Laura Kurki: “I have always loved reading and to be able to do that for a living is just unbelievable”

As a language student, it can get really frustrating when everyone is always assuming you only have two career options: will you become a teacher or a translator? But what if you wish to become neither one? There’s no shame in feeling a bit confused about the professional options you have as a language specialist that do not involve translating, teaching or doing research. Laura Kurki, HerCampus Helsinki’s founder and former Editor-in-Chief, turned her internship at publishing house Gummerus into a job, and now sheds light on her budding career in publishing and marketing. Our interview with her also offers concrete tips for book enthusiasts on what it takes to get into the business.

How did you end up applying and receiving an internship at Gummerus?

I had been applying for jobs for almost a year, everything from part-time jobs to internships and summer jobs. I applied for anything that was even close to my own field, since I was almost finished with my master’s in English philology and I had already spent many summers working in a field that had nothing to do with mine. Every year I had applied for positions in publishing, but the industry is really hard to get into since they usually only accept those who have studied Finnish at the university. I was actually just about to leave on a trip when I spotted an open position in Aarresaari as a marketing and communications intern in Gummerus. There were only a couple of weeks to apply and I sent in my application just two days before I departed. I was in the middle of the Scotland moors with no access to the outside world, so when I finally got wifi access in a dingy bar, I was thrilled to find an invitation to a job interview waiting in my inbox. So after returning home and nailing the interview, I got the job and started working at Gummerus in August last year.

What kind of experience did it require for you to get the job?

I had experience in writing for an online student magazine (Better Than Sliced Bread) and for a Finnish literary publication for the youth. Experience in writing in Finnish was really helpful, since I had not done any Finnish studies at the university. And then there was of course Her Campus Helsinki. For BTSB and Her Campus Helsinki I had also updated their social media and had had my own blog for a while, which I’m sure were really helpful aspects in my application. Many companies lack behind in their social media department, so applicants should definitely bring out more of their social media skills. Many people of our age underestimate their skills, but for example in Gummerus there was no one who would have regularly been in charge of their Instagram account, so taking over that ended up becoming a big part of my internship. Now we have also finally opened our own Twitter account @gummeruskirjat.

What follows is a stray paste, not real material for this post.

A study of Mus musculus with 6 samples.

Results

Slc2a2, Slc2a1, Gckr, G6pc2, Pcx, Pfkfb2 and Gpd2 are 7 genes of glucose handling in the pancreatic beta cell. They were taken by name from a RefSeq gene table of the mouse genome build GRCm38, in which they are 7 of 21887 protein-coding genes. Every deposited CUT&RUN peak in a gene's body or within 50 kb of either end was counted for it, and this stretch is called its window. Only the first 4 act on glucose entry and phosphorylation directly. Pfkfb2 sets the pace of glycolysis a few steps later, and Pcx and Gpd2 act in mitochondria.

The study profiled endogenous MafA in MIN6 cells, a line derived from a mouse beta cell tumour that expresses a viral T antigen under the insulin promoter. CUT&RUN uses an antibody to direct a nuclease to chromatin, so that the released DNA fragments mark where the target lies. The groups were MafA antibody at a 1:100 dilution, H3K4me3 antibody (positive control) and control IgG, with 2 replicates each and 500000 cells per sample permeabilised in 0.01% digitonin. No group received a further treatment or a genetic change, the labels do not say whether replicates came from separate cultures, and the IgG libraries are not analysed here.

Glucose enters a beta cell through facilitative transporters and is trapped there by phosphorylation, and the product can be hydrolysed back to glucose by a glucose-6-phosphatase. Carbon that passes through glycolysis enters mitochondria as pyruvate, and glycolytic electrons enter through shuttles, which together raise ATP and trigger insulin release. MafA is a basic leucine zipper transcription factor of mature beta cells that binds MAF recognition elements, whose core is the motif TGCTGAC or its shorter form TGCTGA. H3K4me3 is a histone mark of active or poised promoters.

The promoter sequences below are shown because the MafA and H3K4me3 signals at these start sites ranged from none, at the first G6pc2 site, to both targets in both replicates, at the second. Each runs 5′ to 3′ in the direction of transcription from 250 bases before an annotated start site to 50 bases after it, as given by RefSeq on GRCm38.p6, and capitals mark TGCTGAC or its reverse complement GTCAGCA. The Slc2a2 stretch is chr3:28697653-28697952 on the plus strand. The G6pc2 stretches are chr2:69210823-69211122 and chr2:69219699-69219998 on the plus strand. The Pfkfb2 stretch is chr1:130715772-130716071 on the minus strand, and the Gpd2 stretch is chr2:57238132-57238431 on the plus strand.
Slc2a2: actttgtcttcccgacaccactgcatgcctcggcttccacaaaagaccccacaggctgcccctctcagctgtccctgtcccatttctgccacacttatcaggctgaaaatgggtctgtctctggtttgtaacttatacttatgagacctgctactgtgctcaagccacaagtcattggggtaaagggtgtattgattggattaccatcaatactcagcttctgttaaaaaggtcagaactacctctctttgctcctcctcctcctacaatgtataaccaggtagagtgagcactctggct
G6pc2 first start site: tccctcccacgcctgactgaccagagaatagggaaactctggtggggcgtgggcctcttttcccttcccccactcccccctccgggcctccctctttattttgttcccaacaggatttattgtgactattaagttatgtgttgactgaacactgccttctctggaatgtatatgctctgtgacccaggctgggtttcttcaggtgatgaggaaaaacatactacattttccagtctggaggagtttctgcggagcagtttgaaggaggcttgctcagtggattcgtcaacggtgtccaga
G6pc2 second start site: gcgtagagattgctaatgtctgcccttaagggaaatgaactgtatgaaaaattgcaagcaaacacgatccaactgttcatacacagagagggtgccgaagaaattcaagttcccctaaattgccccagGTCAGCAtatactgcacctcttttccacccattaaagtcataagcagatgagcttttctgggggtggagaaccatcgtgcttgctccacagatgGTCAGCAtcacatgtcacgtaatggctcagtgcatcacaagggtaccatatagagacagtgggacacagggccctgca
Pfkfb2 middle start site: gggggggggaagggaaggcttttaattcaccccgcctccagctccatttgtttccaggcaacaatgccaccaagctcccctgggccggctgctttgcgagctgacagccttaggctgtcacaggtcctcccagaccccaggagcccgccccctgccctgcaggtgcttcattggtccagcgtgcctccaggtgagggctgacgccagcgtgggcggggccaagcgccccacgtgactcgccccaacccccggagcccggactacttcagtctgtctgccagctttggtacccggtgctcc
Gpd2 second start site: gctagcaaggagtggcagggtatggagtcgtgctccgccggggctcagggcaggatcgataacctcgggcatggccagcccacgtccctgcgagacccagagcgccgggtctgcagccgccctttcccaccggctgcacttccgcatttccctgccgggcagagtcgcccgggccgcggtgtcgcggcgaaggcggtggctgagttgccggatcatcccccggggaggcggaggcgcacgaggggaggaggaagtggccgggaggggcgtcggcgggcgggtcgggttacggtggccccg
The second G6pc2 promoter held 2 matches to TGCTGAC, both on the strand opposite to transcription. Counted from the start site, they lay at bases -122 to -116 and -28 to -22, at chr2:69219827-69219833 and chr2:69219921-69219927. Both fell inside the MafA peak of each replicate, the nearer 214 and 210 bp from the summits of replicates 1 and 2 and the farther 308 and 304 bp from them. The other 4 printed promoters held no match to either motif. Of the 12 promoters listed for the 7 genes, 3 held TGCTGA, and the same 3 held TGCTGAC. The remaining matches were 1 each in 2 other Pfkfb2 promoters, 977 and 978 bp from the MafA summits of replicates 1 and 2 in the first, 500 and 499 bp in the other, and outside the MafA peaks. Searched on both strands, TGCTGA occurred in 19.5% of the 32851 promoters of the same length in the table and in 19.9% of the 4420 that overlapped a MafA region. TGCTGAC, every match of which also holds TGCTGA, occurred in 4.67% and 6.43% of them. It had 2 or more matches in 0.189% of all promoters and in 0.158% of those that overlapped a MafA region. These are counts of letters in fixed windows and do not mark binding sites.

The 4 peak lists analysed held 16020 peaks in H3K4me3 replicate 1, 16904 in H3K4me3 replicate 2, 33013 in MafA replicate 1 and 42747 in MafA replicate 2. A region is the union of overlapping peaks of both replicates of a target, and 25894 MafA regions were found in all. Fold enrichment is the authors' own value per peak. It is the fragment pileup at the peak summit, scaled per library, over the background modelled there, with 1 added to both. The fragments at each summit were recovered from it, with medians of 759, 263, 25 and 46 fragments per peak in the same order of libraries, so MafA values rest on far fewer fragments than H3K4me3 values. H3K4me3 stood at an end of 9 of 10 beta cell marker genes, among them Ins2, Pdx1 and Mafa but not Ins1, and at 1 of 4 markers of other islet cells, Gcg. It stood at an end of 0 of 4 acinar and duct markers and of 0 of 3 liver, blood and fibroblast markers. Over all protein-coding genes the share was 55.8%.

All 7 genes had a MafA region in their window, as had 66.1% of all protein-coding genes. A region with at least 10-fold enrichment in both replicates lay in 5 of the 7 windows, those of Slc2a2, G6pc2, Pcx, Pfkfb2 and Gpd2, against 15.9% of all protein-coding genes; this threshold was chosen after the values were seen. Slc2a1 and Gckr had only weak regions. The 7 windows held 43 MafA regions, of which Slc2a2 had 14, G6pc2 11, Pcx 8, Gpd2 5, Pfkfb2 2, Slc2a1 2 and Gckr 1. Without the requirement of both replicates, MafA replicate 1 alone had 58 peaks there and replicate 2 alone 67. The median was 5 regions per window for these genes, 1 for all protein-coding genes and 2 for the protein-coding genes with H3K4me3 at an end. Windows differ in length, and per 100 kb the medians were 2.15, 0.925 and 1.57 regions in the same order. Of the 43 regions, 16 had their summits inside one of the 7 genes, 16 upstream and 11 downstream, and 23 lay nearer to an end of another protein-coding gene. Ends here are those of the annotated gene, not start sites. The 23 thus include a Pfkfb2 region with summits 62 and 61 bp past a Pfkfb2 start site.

What would you say is the best part of your job?

On my first week they gave me a couple of manuscripts to read and my first thought was “Okay, if right from the start my job is to read books, this cannot be anything but amazing”. I have always loved reading and to be able do that for a living is just unbelievable.

In the future, do you have any hopes or plans regarding your career?

Even though I like my job as a Marketing and Editorial Assistant, my initial dream was to be a book editor. After my internship ended my superiors were concerned about who would do all the work that had been my responsibility, and after some deliberation they were able to offer me a temporary position as an assistant. What is even better, I now get to work half of the time in the editing department, “learning the trade” so to speak. In the future I would love to secure a permanent job in a publishing house, but even if that won’t be the case with this job, I know I have received invaluable experience that will be a massive help in my pursuits in the publishing industry.

What would you say to anyone dreaming of a career in book publishing?

When I applied to Gummerus, I hadn’t done any literature or Finnish studies, which are usually required, but I just loved to read — so in the end it was my own passion that got me the job. Already at an early stage of my studies I realized that I needed to start doing something outside the university that would showcase my passion and talents. It really is all about showing how motivated you are, and having something concrete to show for it really makes a difference. In terms of personal qualities, being a wallflower might become a hindrance, since networking and creating contacts are a big part of the industry where everyone knows everyone. This might also sound a bit silly, but plain common sense will get you through a lot. And of course ability to write and express yourself fluently is really important. Just going through university will give you a lot of experience and skills in analyzing and producing high quality text.